Jul 28, 2020

Careers in Care: Cynthia Payne

Dr Maggie Haertsch, (PhD) recently sat down with her friend and colleague Cynthia Payne to chat about her career, how she went from personal care worker to CEO and how she helps guide other women who are making an impact in the aged care industry. Here is what she learned.

Although women account for more than 80% of direct care roles in the aged care sector, senior management and executive roles are still dominated by men. Cynthia Payne is helping to redress that balance. At 51, after three decades of dedication to the care of older Australians, she is currently Managing Director of Anchor Excellence, a national bespoke aged care executive and management consulting firm.

Cynthia has always been tenacious yet compassionate. With a high EQ, she is recognised as an exemplary leader, a trailblazer, strategic thinker and generous mentor to both women and men. “Cynthia instils a belief that I can achieve anything I put my mind to,” reports a female mentee who has benefited from her support.

Cynthia explained further: “I want to help women to get a seat at the board table, but then they have to own that seat. Creating an impact in your own right requires skill, and the ability to influence and shape thinking.” Continual education is a great way to make sure you own the job.

Starting her career as a personal care worker she went on to qualify as a registered nurse. Early on Cynthia decided that executive roles were where she could effect the greatest change. Having made her decision, her career trajectory was fast. Grounding in the practical knowhow of direct care instilled in her the passion and determination that saw her working as a Deputy Director of Nursing in her early 20’s before moving into more senior roles. At 31 she was the head of operations for a large not for profit provider whose aged care division employed over 2000 staff. At 33 she was appointed CEO of a for-profit residential aged care organisation that she led for 15 years. In 2000 Cynthia graduated with an MBA, providing the business knowledge to complement her technical knowledge as a nurse. She then founded Anchor Excellence in 2018.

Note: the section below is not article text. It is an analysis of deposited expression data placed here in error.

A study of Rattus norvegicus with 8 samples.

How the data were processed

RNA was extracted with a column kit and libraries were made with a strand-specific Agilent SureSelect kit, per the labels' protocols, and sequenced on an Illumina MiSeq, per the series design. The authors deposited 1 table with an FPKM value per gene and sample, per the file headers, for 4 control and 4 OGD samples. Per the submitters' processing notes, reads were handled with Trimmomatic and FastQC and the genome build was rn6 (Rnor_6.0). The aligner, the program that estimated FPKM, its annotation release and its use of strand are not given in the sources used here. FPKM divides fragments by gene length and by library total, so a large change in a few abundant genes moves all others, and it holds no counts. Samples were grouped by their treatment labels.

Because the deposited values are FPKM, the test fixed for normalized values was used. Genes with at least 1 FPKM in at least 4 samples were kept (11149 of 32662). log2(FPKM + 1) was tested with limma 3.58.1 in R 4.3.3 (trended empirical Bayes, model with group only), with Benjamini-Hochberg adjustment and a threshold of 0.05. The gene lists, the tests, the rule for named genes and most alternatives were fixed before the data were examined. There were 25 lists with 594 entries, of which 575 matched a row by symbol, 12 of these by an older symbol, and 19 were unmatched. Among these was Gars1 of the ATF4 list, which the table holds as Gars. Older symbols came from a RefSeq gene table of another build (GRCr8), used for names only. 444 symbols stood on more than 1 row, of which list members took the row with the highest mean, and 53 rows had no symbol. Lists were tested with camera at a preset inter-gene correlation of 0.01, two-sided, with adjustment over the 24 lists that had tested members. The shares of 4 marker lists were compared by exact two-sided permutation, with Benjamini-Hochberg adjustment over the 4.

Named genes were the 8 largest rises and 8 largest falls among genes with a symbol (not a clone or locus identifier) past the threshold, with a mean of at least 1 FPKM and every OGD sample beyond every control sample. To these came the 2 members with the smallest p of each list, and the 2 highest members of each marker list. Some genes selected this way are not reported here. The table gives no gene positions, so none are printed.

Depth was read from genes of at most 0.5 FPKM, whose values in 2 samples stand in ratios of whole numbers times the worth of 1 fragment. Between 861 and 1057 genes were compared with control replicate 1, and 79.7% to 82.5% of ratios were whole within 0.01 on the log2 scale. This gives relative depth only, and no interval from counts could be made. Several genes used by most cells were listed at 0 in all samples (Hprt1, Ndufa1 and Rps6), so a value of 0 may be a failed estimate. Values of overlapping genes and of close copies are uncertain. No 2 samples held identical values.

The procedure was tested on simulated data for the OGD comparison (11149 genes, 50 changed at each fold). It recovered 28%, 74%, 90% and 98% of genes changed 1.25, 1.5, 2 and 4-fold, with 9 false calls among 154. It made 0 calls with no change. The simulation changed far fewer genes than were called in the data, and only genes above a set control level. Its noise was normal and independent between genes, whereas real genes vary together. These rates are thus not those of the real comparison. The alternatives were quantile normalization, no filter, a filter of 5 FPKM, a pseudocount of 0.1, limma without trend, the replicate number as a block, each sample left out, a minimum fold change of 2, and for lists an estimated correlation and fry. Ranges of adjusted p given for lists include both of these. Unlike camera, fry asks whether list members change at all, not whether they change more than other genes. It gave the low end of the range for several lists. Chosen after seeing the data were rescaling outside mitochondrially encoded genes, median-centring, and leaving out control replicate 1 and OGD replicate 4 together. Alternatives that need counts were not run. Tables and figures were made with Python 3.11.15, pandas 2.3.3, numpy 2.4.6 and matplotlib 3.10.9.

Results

Cynthia believes we make conscious decisions as leaders about who we want to be and the kind of legacy we want to leave. She explained: “I remember my mum coming home one day, she was working in manufacturing on a process line saying that she hoped that if I was ever in a position of responsibility like a manager that I would never speak to anyone in the way that her mother got spoken to regularly.”

She says her strong work ethic comes from her mother, who gave birth to Cynthia in a home for unmarried mothers. “The nuns said I would amount to nothing, because a child needed both a mother and a father. But my mum was a very strong advocate that women can do anything and fought to keep me against societal pressure.”

As the mother of four children, Cynthia acknowledges the benefit of having a life partner who was a stay-at-home dad when her family was young, and admits it hasn’t always been easy to navigate family and work life.

Living and breathing the mantra ‘leaders enabling leaders’, Cynthia says she is “in awe of the fact that someone trusted me enough to give me broader responsibilities,” she says. Whenever I have had the opportunity in my career I have done the same for others.” Her key message about leadership is to “take every opportunity to step up to the plate. If you see a need, take the risk, do the right thing and go for it.”